This customized 1973 Dodge Tradesman B100 is a fantastic example of the vehicles that launched the 1970s van-craze that swept the United States during the decade of disco, feathered hair, and bellbottoms.
Power is provided by a 318 cubic inch V8 sending power back through a 3-speed automatic to the rear wheels. The van has been given a full custom paint job by artist Dirty Donny Gillies of San Francisco, and in the back it has full shag carpeting and a bed platform for overnight stays.
Fast Facts – A Custom 1970s Dodge Tradesman Van
- The Dodge Tradesman, also known as the Dodge B-Series, was introduced in 1964 as a full-size van, built to cater to the needs of small business owners and tradespeople. The first generation featured three engine options: a 170 cubic inch Slant-6, a 225 cubic inch Slant-6, and a 318 cubic inch V8.
- The second generation of the Dodge Tradesman, which debuted in 1971, saw significant updates in terms of styling and performance. The van now featured a unibody design and introduced a new 360 cubic inch V8 engine option for increased power.
- During the 1970s, the Dodge Tradesman became popular for customization and conversion into recreational vehicles (RVs) and camper vans. This trend, also known as “vannin'”, saw enthusiasts personalize their Tradesman vans with elaborate paint jobs, plush interiors, beds, upgraded sound systems, and some even had a disco ball hanging from the ceiling.
- The van you see in this article is a 1973 Dodge Tradesman that’s been given a full paint scheme by artist Dirty Donny Gillies who is also the former owner, it has thick shag carpeting in the rear, a bed platform, storage cabinets, and it’s powered by a 318 cubic inch V8.
Vansploitation And The Custom Van Revolution
The 1970s were a time when the flower power vans of the hippie movement were left behind and a new style of van appeared with higher-performance drivetrains, airbrushed fantasy graphics, thick shag carpeting, velour upholstery, and bubble windows in the side.
These new custom vans were so popular across the United States that entirely new genre of cinema was created called Vansploitation which was largely made up of B-movies in which the van culture of the time was a central plot element.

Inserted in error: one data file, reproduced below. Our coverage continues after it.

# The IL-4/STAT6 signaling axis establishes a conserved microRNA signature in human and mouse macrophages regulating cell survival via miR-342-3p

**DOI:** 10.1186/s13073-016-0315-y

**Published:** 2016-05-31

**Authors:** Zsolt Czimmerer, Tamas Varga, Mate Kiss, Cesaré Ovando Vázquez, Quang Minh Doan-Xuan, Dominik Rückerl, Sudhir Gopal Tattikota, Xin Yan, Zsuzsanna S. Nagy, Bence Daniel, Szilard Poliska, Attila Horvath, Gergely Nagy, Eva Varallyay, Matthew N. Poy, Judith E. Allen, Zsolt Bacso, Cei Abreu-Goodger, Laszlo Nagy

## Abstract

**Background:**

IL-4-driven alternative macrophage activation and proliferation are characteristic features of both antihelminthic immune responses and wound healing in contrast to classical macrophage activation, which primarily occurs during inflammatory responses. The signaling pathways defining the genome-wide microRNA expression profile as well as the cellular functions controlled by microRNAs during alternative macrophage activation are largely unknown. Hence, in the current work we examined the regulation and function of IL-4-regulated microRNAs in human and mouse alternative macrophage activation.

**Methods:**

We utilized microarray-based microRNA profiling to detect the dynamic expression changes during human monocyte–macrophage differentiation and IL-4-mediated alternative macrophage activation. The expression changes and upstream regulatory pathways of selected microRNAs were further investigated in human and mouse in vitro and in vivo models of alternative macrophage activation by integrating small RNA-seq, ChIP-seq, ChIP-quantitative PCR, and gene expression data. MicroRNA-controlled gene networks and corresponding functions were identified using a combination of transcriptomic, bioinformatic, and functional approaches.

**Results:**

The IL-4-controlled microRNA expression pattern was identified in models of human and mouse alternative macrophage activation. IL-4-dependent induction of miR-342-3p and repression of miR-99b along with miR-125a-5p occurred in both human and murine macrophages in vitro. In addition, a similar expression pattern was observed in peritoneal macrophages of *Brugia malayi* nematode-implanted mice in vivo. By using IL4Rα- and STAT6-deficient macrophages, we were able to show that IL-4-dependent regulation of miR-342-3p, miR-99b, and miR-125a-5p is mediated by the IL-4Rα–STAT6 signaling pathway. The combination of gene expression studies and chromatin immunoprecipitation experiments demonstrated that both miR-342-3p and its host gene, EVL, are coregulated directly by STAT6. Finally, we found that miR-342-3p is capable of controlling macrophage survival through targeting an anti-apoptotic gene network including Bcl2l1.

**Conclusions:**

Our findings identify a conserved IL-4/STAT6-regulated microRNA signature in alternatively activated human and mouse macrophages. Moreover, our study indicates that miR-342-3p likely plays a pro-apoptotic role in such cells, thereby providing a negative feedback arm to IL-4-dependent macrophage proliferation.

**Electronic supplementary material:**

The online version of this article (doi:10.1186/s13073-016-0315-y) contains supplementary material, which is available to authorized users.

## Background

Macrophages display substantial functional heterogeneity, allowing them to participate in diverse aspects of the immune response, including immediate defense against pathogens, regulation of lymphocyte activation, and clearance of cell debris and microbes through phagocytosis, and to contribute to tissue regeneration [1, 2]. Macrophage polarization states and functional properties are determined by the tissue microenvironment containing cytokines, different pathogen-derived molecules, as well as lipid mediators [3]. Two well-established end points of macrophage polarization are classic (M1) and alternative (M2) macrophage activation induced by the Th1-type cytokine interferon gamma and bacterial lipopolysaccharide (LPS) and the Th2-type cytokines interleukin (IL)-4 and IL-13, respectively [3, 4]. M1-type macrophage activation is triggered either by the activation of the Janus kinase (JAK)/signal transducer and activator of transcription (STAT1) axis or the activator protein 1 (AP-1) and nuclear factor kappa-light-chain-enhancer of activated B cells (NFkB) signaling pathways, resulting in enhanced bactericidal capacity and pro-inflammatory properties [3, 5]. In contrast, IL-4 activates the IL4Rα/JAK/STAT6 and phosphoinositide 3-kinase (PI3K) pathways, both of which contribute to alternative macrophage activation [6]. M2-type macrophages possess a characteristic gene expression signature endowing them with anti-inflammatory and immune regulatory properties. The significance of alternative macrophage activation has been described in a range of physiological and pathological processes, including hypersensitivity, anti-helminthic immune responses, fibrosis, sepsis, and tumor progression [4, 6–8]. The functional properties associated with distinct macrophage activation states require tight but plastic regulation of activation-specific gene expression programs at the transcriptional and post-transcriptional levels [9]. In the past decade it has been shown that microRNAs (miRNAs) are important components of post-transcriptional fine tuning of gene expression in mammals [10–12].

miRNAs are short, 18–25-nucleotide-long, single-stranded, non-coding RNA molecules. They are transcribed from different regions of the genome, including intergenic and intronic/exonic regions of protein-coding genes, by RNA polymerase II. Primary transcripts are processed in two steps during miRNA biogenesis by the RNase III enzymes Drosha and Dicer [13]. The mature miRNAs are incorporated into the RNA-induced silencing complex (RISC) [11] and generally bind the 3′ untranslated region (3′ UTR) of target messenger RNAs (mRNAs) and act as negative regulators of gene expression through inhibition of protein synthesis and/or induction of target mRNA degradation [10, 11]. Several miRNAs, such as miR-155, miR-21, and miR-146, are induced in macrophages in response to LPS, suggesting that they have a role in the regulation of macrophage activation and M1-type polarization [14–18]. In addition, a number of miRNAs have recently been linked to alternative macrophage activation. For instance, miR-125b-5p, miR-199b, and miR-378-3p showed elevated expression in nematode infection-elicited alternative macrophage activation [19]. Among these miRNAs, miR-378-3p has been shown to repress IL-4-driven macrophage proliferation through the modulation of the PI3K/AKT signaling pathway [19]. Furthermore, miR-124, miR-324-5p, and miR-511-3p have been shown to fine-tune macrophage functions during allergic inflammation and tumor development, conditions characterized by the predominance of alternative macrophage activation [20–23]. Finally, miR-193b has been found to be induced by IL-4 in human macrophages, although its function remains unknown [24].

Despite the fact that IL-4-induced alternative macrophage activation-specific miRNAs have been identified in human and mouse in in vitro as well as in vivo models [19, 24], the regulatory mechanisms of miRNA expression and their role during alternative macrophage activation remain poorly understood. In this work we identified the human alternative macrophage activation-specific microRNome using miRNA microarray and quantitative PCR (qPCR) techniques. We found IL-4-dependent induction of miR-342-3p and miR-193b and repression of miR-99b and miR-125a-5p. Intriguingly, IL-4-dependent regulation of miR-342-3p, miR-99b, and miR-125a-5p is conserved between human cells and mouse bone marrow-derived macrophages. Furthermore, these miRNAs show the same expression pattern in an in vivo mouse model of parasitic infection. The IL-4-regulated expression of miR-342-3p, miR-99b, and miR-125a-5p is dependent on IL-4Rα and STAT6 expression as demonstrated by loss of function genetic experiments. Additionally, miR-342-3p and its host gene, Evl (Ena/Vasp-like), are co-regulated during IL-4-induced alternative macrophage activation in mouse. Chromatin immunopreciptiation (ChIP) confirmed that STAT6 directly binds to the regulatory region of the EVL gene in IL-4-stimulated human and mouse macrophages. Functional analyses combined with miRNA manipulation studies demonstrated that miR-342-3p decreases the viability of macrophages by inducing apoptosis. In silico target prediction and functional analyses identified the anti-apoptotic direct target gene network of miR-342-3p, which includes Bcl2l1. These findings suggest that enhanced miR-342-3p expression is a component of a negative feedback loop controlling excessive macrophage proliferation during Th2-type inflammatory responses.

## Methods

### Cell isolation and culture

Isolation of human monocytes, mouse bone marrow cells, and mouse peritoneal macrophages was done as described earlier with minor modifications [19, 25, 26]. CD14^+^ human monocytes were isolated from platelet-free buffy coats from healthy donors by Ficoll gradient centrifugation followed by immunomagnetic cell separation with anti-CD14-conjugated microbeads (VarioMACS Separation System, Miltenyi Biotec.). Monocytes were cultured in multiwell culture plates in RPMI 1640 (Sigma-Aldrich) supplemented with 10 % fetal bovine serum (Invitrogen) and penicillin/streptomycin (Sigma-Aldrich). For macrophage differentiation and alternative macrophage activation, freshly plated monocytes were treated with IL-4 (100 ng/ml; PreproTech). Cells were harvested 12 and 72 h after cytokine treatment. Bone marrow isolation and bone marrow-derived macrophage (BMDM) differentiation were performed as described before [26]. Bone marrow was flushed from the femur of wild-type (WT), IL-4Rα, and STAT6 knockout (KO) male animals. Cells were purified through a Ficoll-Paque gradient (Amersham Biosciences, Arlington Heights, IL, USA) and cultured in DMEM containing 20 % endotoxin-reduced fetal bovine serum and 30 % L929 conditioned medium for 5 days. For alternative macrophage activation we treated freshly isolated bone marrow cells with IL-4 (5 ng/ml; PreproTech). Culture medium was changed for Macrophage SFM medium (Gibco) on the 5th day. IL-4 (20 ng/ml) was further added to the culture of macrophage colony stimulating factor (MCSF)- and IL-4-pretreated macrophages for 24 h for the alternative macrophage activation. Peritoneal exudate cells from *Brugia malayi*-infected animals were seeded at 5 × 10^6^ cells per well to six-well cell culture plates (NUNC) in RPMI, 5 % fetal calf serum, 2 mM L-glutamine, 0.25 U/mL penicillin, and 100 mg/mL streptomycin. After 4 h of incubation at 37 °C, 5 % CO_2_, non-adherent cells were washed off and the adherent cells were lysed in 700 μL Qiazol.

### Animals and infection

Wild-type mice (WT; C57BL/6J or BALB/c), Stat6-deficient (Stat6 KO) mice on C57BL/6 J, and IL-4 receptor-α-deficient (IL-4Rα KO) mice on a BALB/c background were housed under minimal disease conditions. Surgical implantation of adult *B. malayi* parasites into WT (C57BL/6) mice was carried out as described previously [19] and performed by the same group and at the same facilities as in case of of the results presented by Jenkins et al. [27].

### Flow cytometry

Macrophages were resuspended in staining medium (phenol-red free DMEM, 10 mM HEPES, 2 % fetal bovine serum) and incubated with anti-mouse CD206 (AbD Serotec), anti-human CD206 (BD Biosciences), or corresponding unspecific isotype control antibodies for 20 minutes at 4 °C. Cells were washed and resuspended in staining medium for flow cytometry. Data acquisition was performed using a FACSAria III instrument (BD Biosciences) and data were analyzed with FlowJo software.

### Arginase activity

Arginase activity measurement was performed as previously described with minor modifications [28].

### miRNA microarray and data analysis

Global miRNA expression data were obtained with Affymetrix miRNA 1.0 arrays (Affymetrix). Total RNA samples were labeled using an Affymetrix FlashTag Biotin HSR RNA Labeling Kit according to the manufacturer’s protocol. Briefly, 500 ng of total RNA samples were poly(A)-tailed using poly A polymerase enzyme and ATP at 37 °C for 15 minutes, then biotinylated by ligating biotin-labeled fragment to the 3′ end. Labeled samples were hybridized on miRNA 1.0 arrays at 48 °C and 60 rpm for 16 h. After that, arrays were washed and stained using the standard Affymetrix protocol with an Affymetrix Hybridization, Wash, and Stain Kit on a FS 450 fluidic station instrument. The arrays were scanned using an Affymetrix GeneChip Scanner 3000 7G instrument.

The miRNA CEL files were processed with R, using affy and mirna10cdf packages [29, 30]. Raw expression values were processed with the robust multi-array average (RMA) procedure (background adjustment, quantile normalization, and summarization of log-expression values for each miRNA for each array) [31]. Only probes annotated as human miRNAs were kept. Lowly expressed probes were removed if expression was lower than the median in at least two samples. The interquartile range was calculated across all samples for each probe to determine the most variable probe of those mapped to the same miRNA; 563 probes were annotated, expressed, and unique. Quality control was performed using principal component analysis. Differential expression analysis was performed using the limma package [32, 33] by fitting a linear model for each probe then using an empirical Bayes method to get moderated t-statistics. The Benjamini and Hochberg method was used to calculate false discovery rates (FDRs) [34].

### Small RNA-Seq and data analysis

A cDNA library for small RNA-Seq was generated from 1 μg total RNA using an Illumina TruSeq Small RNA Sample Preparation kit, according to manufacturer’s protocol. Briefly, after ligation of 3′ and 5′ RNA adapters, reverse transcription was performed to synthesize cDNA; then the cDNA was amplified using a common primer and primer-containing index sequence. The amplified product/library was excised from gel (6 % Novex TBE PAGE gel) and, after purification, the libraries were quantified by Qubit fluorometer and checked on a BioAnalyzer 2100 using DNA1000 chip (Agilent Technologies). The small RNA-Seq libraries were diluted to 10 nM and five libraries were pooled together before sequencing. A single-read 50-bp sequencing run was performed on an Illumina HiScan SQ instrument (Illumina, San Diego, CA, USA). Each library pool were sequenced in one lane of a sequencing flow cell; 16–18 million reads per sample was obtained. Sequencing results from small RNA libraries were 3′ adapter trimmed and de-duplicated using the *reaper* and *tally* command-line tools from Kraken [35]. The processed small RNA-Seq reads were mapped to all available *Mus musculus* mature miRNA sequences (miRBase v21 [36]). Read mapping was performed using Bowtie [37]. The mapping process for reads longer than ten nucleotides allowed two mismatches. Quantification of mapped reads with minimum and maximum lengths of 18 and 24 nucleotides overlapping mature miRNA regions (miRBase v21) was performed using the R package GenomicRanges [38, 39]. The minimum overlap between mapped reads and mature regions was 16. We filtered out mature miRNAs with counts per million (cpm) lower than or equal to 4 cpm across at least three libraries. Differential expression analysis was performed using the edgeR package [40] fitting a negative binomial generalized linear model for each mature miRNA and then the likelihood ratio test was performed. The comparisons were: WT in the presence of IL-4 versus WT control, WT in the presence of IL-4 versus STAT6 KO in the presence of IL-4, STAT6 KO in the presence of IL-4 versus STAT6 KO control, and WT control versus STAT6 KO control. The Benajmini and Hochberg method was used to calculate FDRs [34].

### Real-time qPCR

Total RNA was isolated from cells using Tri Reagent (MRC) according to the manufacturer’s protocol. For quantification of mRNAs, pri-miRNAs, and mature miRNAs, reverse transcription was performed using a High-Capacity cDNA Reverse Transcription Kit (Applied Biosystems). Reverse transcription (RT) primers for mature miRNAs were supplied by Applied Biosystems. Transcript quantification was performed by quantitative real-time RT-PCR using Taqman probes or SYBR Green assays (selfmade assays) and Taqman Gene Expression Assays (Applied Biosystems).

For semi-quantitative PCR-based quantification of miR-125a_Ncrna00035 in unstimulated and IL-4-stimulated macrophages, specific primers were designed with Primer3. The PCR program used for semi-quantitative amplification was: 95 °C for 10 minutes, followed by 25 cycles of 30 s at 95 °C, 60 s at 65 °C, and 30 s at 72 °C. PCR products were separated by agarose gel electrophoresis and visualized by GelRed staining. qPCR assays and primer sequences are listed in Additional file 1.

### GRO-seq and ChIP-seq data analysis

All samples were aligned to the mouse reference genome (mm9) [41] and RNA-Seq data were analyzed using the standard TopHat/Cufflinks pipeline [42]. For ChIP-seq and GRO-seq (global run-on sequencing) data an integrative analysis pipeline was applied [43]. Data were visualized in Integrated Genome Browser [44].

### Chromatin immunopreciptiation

Many of the vans used started out as commercial vans with flat panel sides that had empty cargo areas behind the front seats. These provided the best (and most affordable) starting point to build what was in essence a minimalist camper van, with a mattress in the back and few other amenities.
This custom van movement actually continued well into the 1980s before interest died down. A couple of decades later the interest in vans skyrocketed once again thanks to the “Vanlife” movement, which saw people setting up vans as cheap campers and taking to the open road for some adventure – often well documented on Instagram and YouTube.
Above Video: “SuperVan” is arguably the most famous example of the Vansploitation genre, it was released in 1977 and it’s classed as an action adventure comedy road movie suitable for family viewing, with a PG rating.
“Vandalf” – The Custom Dodge Tradesman V8 Van Shown Here
The van you see here was named “Vandalf” after the Lord of the Rings wizard Gandalf. The airbrushed artwork on the side of the van includes a mural of a wizard and a galaxy. This vehicle was customized by its former owner, the artist Dirty Donny Gillies of San Francisco in 2014 and he took great care to turn it into a period correct 1970s-era custom van.
Once the dome windows had been installed in the sides scoops were added to the hood and roof, and the front spoiler was installed, after this the paintwork was completed. A pair of side exit exhausts were fitted along with a set of Detroit Vintage 15″ wheels front and back fitted with BFGoodrich Radial T/A tires, and there are chrome bumpers front and back.
With the exterior largely complete attention turned to the interior where a combination of thick shag carpeting and wood paneling was fitted to the walls, floor, and ceiling. A JVC TV was also installed as well as a platform for a double bed over a set of drawers that can be used for additional storage space.
Up front there are two captain’s chairs upholstered in black with a diamond quilt stitched pattern, and the seats have arm rests to keep you comfortable on those longer roads trips.
The door panels and front headliner are upholstered to match the seats and the van also has a heater, cupholders, a dice knob on the column-mounted shifter, an eight-track cassette stereo in the dash, and Polk Audio speakers – an equalizer and an Alpine CD stereo are fitted to the overhead console.
An octagon-shaped steering wheel has been installed, an unusual wood-rimmed wheel that would have stopped the presses back in the 1970s, and it still looks vastly nicer to use than Tesla’s ill-fated yoke.
Power is provided by a 318 cubic inch V8 fitted with a two-barrel carburetor, and power is sent back to the rear wheels via a 3-speed automatic transmission. The van has power front disc brakes and drums on the rear, and the front suspension has been lowered to give it the right stance on the road.
It’s now being offered for sale out of Tiburon, California on Bring a Trailer with 66,000 miles shown on the odometer. If you’d like to read more about it or register to bid you can visit the listing here.
Images courtesy of Bring a Trailer.
Articles that Ben has written have been covered on CNN, Popular Mechanics, Smithsonian Magazine, Road & Track Magazine, the official Pinterest blog, the official eBay Motors blog, BuzzFeed, Autoweek Magazine, Wired Magazine, Autoblog, Gear Patrol, Jalopnik, The Verge, and many more.
Silodrome was founded by Ben back in 2010, in the years since the site has grown to become a world leader in the alternative and vintage motoring sector, with well over a million monthly readers from around the world and many hundreds of thousands of followers on social media.